If a report by NBC News is correct, we may have a better idea of why former Penn State President Graham Spanier is trying to gain access to old emails regarding the Jerry Sandusky case.
Maybe it's to begin preparing his defense.
NBC reported Monday that Spanier and former university Vice President Gary Schultz, who at the time was in charge of the university police, exchanged emails on a 2001 allegation that Sandusky, a retired defensive coordinator, was seen molesting a boy in a university shower.
According to NBC News, the emails show Penn State officials did legal research into whether the reported actions constituted a crime and ultimately decided that it would be "humane to Sandusky" to not notify child welfare authorities about the incident.
Where was the concern by Schultz and Spanier about being humane to the alleged victim?
The emails have been turned over to the Attorney General's Office.
Sandusky's trial on 52 charges related to child sexual abuse began Monday. He denies all of the charges.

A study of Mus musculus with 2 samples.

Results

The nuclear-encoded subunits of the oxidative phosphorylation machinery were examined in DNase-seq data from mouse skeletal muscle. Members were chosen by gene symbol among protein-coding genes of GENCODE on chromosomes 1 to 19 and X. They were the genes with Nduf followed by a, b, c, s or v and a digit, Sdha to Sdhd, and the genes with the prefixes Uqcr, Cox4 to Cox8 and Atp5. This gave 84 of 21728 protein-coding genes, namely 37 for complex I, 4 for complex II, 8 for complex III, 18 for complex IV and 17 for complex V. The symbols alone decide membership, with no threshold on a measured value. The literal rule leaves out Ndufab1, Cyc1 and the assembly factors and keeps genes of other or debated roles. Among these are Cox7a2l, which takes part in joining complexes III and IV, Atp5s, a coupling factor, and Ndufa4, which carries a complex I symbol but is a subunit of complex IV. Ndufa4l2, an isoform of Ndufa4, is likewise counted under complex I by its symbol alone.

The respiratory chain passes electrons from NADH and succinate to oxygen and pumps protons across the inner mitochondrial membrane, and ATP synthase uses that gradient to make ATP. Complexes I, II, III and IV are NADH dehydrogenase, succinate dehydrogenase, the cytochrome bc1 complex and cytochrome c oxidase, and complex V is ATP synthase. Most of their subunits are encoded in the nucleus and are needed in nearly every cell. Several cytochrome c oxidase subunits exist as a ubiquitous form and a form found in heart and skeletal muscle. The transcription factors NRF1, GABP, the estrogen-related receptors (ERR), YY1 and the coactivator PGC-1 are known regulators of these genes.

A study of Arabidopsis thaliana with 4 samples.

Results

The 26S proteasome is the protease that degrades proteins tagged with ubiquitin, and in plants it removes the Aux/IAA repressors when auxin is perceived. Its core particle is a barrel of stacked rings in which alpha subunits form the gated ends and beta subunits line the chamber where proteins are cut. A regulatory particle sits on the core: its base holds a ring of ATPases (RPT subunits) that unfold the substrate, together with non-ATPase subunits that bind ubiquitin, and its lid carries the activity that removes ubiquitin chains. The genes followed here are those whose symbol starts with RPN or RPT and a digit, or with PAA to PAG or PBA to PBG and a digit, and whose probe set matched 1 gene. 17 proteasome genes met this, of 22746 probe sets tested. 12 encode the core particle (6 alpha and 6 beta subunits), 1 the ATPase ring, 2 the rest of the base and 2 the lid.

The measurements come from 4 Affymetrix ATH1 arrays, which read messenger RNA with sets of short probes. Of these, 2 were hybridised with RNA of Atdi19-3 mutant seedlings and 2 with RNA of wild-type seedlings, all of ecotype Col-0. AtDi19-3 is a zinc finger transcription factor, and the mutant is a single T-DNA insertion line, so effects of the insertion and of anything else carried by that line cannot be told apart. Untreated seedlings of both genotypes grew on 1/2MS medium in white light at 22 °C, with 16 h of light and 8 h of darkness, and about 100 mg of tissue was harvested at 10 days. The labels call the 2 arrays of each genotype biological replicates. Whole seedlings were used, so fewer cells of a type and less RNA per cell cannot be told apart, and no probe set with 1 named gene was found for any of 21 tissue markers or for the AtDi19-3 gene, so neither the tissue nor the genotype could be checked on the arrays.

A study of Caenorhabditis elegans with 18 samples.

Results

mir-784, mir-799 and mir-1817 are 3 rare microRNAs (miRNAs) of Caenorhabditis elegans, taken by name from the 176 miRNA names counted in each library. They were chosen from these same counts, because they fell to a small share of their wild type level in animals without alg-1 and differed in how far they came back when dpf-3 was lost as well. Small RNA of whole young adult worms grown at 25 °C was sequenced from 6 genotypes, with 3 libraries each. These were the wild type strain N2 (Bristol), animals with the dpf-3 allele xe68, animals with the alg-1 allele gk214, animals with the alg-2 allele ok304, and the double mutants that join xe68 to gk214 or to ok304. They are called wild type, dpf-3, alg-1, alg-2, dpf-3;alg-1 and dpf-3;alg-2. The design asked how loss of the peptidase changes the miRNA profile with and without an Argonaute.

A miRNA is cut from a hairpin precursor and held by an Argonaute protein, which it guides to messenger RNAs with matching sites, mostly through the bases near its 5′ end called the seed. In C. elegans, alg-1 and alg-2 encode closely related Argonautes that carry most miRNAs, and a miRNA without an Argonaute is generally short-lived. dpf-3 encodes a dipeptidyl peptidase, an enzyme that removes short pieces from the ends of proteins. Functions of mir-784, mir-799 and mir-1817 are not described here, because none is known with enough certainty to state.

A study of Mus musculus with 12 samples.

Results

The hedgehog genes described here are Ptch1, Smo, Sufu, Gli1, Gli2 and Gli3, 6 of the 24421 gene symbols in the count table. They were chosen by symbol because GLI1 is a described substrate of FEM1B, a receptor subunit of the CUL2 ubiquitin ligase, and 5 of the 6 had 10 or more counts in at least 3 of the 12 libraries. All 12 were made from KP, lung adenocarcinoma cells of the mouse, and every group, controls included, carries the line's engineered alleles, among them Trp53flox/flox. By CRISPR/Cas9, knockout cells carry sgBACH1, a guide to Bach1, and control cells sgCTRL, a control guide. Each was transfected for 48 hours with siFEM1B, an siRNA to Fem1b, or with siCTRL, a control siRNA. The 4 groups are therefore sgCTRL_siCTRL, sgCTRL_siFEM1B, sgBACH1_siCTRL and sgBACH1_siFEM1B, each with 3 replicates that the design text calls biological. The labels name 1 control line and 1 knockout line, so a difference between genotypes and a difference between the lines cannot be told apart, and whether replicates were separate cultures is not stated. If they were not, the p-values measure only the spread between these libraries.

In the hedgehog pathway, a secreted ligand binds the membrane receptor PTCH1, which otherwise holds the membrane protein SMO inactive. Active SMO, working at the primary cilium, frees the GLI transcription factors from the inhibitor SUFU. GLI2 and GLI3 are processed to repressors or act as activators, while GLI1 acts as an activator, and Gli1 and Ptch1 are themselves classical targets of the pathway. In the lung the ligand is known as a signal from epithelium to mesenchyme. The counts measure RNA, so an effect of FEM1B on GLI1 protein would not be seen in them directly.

Schultz, now retired, and Tim Curley, PSU's athletic director who is on paid leave, are awaiting trial on charges of perjury and failure to report suspected child sexual abuse. They also maintain their innocence.
Spanier hasn't been charged, but the emails could change that - if they are as damning as the NBC report indicates.
Last month, Spanier sued Penn State seeking copies of his emails on the Sandusky case between 1998 and 2004. It had been believed the emails were lost in a change of systems, but Spanier's lawsuit said he understood some had been recovered.
Spanier reportedly is refusing to cooperate with investigators hired by Penn State trustees to look into the Sandusky matter and the university's response unless he gets access to the old emails.
It remains to be seen if the emails are as damning as the NBC report indicates. If so, Spanier - and perhaps others - should be charged.
Penn State's top administrators' top concern should have been about the alleged victim of child sexual assault, not the accused perpetrator of such a vile act.
This might not be a case in which a cover-up is worse than the crime. But if there was a cover-up, those responsible should be prosecuted just as aggressively.